You’ve probably seen aerosol sprays in the news recently; common, household and store-bought items that are used by kids and teens as cheap (and dangerous) ways to get high.
So why aerosol spray? Why is it so dangerous, how can you spot signs of addiction and what can you do about it?
What Is Aerosol Spray?
Aerosol spray is a can of propellants and solvent; the propellant shoots the solvent, which is the collection of active ingredients, out of the can.
Here’s a list of everyday aerosol sprays that are commonly abused as drugs;
- Cleaning supplies
- Haircare products
- Spray paint
- Vegetable oil aerosols
- Stain removers
- Computer cleaners
Aerosol Spray And Teenagers
Aerosol abuse happens so frequently among younger individuals because the substances kids and teens use to get high are commonly found in the cleaning cabinet or next to the laundry machine. This makes them very easy to obtain and very easy to deny using these aerosol sprays as drugs.
Common Street Names For Aerosol Sprays
You’ll most likely hear people referring to their aerosol drugs simply by the product’s brand name, as the products are not illegal and are common to talk about in everyday life. Other names for aerosol drugs include;
- Airblast – a term for aerosols
- Bagging – using aerosols
- Bang – to inject aerosols
- Huffing – to sniff aerosols
- Glading – to use aerosols
How Are Aerosol Sprays Used As Drugs?
You may be asking yourself just how can everyday aerosol cans be used as drugs?
The most popular methods of use are;
- Spraying– This involves spraying aerosols directly onto the user’s nose or mouth. Because of the tendency for the substance to get into the eyes, and because it makes it very hard for teens to keep these noxious sprays from getting onto nearby upholstery, this is generally not how kids and teens abuse aerosol sprays.
- Bagging– Bagging involves spraying aerosol sprays into a plastic or brown paper bag and then inhaling the fumes from the bag.
- Huffing– This involves spraying a rag until soaking, and then holding it up to the face.
What Are Aerosols Effects On The Brain?
The effects of aerosol sprays on the brain vary significantly, in part because so many different household items are used as aerosol drugs.
But, it is important to note that whatever is used, the effects of aerosol sprays can be likened to intravenously injecting substances. Why?
Once inhaled, the aerosol spray goes directly to the lungs. Because the lungs oxygenate the blood which is then sent to every corner of the body, aerosol sprays rapidly fill the blood with toxic chemicals.
Regardless of what is inhaled, the immediate effects of aerosol use include;
- Loss of inhibition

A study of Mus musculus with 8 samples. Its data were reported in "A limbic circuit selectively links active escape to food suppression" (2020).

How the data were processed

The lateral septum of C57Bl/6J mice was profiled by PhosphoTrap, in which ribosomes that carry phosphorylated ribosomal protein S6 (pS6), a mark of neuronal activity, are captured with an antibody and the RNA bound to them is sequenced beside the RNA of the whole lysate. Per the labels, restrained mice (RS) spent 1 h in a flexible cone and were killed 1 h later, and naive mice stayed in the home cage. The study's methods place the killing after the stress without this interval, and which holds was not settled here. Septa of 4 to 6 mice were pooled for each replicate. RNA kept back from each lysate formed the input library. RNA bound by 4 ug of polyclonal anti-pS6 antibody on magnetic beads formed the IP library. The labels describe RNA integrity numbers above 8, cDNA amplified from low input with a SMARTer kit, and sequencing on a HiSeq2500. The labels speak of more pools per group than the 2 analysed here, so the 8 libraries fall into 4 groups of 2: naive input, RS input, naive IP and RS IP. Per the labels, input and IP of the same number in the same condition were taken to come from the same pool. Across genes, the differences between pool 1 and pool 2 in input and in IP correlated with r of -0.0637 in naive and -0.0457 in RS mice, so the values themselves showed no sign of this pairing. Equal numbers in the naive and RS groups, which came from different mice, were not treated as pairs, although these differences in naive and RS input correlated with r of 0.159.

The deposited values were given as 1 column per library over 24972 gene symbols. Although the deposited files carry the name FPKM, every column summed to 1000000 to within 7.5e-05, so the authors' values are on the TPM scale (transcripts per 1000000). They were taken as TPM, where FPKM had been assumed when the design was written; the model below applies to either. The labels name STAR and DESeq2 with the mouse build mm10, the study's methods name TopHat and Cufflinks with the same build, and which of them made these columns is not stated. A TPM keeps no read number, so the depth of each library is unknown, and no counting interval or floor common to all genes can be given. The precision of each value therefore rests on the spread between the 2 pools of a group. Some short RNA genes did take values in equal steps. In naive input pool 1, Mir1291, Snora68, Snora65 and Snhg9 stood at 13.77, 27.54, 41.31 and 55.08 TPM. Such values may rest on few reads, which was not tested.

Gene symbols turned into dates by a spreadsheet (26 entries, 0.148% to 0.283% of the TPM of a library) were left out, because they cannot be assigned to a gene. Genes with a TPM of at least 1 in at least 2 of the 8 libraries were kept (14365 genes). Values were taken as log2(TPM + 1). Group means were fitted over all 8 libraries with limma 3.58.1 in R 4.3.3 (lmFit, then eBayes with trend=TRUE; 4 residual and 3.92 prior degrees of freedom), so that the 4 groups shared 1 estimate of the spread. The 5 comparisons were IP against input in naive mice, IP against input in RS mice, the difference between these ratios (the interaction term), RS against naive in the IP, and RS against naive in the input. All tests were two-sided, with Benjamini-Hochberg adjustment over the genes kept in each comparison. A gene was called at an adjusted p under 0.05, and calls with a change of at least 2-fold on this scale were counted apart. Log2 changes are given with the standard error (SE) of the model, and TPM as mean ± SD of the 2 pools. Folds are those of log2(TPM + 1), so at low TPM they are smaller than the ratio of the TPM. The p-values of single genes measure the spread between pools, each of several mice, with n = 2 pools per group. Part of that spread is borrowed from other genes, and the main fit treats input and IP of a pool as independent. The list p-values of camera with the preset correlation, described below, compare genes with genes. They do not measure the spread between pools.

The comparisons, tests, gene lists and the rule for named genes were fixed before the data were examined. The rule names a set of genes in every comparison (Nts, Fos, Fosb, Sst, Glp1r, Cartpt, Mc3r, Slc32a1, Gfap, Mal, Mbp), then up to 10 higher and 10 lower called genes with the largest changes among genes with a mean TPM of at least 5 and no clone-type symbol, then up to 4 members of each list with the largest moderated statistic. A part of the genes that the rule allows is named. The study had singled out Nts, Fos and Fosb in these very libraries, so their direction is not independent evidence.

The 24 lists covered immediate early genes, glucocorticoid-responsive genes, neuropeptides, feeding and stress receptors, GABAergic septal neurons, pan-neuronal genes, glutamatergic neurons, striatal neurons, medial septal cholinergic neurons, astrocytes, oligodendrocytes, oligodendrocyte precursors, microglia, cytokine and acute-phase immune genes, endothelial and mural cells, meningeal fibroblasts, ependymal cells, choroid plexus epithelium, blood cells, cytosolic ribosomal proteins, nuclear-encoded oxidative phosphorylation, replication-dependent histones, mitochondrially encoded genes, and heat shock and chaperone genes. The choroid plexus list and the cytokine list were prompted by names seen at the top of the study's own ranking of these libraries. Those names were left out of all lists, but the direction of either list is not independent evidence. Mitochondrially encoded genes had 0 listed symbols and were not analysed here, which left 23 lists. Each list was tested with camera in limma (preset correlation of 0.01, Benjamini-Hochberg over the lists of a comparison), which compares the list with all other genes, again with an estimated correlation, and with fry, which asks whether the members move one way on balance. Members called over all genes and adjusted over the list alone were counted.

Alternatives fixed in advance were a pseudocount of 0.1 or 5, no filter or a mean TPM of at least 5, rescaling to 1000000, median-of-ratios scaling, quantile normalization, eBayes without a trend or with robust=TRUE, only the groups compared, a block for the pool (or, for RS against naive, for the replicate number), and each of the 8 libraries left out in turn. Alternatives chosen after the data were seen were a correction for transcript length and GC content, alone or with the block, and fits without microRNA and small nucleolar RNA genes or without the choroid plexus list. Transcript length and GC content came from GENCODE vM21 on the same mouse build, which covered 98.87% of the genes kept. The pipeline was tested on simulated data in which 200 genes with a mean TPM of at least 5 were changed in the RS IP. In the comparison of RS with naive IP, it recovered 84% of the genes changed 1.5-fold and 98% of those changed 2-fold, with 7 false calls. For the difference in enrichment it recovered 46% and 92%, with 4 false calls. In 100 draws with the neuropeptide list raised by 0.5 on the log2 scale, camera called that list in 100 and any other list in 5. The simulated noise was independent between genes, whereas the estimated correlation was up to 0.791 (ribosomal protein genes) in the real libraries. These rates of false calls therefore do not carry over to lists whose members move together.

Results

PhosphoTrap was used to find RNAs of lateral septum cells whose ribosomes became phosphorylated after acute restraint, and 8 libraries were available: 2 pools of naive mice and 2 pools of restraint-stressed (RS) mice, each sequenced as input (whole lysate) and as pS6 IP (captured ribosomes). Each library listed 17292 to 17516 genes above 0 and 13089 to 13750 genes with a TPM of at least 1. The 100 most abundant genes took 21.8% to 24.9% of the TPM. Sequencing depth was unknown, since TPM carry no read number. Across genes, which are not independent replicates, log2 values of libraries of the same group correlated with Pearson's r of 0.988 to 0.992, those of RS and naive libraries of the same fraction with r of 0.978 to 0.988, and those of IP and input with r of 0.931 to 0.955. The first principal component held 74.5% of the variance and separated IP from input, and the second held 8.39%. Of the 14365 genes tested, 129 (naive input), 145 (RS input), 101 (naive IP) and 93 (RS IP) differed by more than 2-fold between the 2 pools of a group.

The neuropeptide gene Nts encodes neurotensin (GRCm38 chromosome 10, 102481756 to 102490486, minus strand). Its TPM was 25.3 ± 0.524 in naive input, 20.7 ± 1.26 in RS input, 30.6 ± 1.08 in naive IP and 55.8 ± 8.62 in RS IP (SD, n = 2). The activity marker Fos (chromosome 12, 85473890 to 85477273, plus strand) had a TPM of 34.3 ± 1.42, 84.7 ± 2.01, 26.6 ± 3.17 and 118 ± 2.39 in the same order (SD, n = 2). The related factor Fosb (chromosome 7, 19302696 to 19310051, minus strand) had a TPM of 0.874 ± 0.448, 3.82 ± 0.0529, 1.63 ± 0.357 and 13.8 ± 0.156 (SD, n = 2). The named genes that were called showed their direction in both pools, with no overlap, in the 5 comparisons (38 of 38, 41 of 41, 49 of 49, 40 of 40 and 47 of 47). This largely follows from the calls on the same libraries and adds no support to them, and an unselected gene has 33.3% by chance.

- Impaired motor function
- Impaired judgment
- Slurred speech
- Heart attack
- Irregular heartbeat
- Kidney, heart & liver harm
- Brain damage
- Declining mental ability
Immediate, One-time Health Risks Of Aerosol Sprays
Aerosol sprays are one of the few drugs that pose immediate, life-threatening risks that don’t necessarily involve an overdose.
- Frostbite of the throat- Some aerosols are stored in pressurized cans in which the solvent can be well below 32 degrees, even if the can is stored at room temperature. If users inhale the substance directly out of the can, the extremely cold solvent can cause frostbite of the throat
- The danger of fire- Many aerosols contain flammable, volatile organic compounds. When exposed to fire, there is potential for these volatile organic compounds to ignite. It’s therefore extremely dangerous to mix aerosols with smoking, which is a common combination.
- Heart attack- “Sudden sniffing death syndrome” is known to occur when abusing aerosols. Even first-time users can experience sudden cardiac arrest and death from abusing aerosols.
What Are The Signs Of Aerosol Spray Abuse?
The fact that aerosols are so commonplace in everyday life makes it very difficult to spot someone addicted to them. And while aerosol spray addiction is relatively uncommon, the rapid onset of the high from abusing aerosols makes it possible for users to get highly and rapidly addicted. Keep an eye out for these symptoms if you suspect someone close to you may be addicted to aerosol sprays;
- “Sniffers rash”- A rash around the nose & mouth
- Paint-like odor on the nose & skin, sweat may smell of paint too
- Loss of appetite
- Decreased coordination
- Constant sleepiness
Aerosol Spray Withdrawal Symptoms
Like every addictive substance, aerosol sprays are addictive, and the withdrawal symptoms may include;
- Mood changes
- Loss of appetite
- Frequent sweating
- Body pain
Aerosol Spray Addiction Treatment Options
If you or someone you love is addicted to aerosol sprays don’t panic; you have options.
In order to minimize the risk of relapse and avoid falling back into the bad lifestyle habits that initially led to this addiction, finding an addiction treatment center with personalized treatment plans and expert advice is key.
Sunshine Behavioral Health operates a family of addiction treatment centers that cover every need and fit every budget and work with you and your insurance provider to find a treatment center that works best for you. We’re staffed by caring, trained specialists that help walk patients through the recovery process and ensure they start the path to taking back their life.